The Pasadena-based startup ObEN is hoping to out-Babel the Babel fish… except for speaking in any language rather than understanding any tongue.
In the late Douglas Adams’ classic “Hitchhiker’s Guide to the Galaxy,” the fictional Babel fish enabled users anywhere to understand any spoken language. The “small, yellow, leech-like” fish was said to live on brain wave energy, excreting a telepathic matrix back into the user’s brain:
“[T]he practical upshot of which,” Adams wrote, “is that if you stick one in your ear, you can instantly understand anything said to you in any form of language: the speech you hear decodes the brain wave matrix.”
As an app, rather than a fish, ObEn works when you use it to build a personalized voice print. Once the software has analyzed the key attributes of your voice, it can apply those to enable any Internet-of-Things-connected device with speech-sythesizing capabilities to “talk” in your voice.
“I just received an audio clip, pressed play, and recognized my voice — but I was speaking Chinese,” PC Magazine’s Sophia Stuart recently wrote in a profile about the company’s technology. “In reality, I don’t know more than a cheerful ‘nihao’ and a suitably grateful ‘xie xie.’ But it was definitely my voice, and the company responsible is ObEN.”
If that sounds cool, albeit a little weird too, ObEN has lots of potential applications in mind for its technology. At the LINQ Hotel in Las Vegas, for example, the Chinese instant messaging service WeChat used ObEN earlier this year to enable a robot concierge called Ben to communicate with guests in Mandarin, while Ben was also able to converse with English speakers in their language at the annual Consumer Electronics Show.
Chatbots would seem like a natural opportunity for ObEn, and the company says it’s already had “quite of lot of success with our chatbots.”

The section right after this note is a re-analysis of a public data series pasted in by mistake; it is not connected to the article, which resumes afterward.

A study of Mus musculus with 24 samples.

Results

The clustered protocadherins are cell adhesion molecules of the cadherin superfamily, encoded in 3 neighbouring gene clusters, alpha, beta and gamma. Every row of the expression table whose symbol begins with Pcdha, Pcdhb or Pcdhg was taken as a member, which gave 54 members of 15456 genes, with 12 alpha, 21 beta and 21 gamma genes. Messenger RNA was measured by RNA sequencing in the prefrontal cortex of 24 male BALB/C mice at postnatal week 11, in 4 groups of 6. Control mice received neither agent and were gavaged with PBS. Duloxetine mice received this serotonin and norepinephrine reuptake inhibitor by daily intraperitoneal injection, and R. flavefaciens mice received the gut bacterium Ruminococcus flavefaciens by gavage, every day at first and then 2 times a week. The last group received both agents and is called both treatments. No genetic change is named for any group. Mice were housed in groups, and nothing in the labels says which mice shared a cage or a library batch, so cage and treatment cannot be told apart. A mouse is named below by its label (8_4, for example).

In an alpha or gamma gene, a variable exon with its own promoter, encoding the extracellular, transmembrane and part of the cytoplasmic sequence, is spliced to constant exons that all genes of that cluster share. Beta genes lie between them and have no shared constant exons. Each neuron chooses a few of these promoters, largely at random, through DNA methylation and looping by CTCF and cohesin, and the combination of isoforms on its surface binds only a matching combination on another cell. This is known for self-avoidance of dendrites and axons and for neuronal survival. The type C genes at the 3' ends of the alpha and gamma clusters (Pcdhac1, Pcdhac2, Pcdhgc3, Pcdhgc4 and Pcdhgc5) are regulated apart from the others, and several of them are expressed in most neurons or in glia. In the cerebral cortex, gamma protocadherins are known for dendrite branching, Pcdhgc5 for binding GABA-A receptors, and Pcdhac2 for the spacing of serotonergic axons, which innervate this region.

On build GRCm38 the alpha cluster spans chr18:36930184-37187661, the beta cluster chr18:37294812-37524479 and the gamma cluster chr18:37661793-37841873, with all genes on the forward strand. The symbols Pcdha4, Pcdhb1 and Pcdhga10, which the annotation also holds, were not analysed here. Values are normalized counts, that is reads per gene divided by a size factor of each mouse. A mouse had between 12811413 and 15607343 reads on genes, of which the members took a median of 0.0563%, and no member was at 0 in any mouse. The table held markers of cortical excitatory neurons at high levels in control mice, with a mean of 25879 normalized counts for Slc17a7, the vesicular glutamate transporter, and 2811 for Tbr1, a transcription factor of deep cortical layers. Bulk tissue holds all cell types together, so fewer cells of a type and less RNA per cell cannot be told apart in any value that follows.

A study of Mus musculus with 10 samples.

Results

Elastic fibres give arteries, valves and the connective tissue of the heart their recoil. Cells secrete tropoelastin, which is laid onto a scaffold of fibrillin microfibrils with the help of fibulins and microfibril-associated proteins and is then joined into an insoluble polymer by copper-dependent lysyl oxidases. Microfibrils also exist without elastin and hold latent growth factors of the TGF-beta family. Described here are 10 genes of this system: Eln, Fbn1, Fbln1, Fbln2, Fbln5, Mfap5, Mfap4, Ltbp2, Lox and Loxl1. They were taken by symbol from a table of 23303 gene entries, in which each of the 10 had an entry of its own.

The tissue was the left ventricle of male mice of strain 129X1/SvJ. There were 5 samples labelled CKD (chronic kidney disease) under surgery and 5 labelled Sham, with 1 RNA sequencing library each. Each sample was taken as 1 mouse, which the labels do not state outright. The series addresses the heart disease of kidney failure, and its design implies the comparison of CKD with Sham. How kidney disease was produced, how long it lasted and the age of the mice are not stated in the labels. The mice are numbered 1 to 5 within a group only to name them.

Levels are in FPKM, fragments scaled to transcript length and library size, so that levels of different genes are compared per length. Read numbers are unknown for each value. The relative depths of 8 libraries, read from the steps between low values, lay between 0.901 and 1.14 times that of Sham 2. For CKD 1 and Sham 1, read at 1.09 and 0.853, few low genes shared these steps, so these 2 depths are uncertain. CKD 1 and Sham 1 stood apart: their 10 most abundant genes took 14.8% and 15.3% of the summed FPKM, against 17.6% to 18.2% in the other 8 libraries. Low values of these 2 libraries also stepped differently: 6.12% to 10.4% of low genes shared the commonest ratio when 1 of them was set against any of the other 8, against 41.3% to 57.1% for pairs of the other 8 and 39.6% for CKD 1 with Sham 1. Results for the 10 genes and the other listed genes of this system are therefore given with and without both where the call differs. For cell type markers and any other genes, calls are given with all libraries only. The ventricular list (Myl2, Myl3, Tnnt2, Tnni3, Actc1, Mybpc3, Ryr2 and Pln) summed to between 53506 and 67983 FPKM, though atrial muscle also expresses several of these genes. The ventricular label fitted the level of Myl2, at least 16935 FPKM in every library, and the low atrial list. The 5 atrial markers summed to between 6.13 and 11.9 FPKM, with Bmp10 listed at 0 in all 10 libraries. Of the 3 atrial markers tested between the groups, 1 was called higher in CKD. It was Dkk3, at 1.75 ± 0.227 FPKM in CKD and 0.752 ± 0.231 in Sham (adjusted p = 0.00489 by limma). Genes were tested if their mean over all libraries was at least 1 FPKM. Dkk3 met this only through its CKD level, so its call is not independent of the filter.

Ultimately, ObEN’s team says, the company’s goal is to “amass the world’s largest human voiceprint bank and become the voice engine providing the last mile solution for Internet of Things (IoT), robotics, games, entertainment, education, healthcare, and other sectors.”
“With ObEN’s technology, infinite material is possible in mere minutes and for the first time, personalized voice is available to everyone,” the company noted earlier this year in a blog post announcing a major investment from HTC’s Vive X Accelerator Program. “Imagine a GPS speaking in the voice of your child or audiobooks read in your mother’s voice. This also creates opportunities for fans to engage with their favorite celebrities in unprecedented ways. Fans can now set off on a virtual adventure with their favorite personality narrating every step of the way. Parents can delight their children with a personalized happy birthday message from their beloved Disney character. And the opportunity to perfectly sing a duet with your favorite pop star is easily achievable in VR with ObEN.”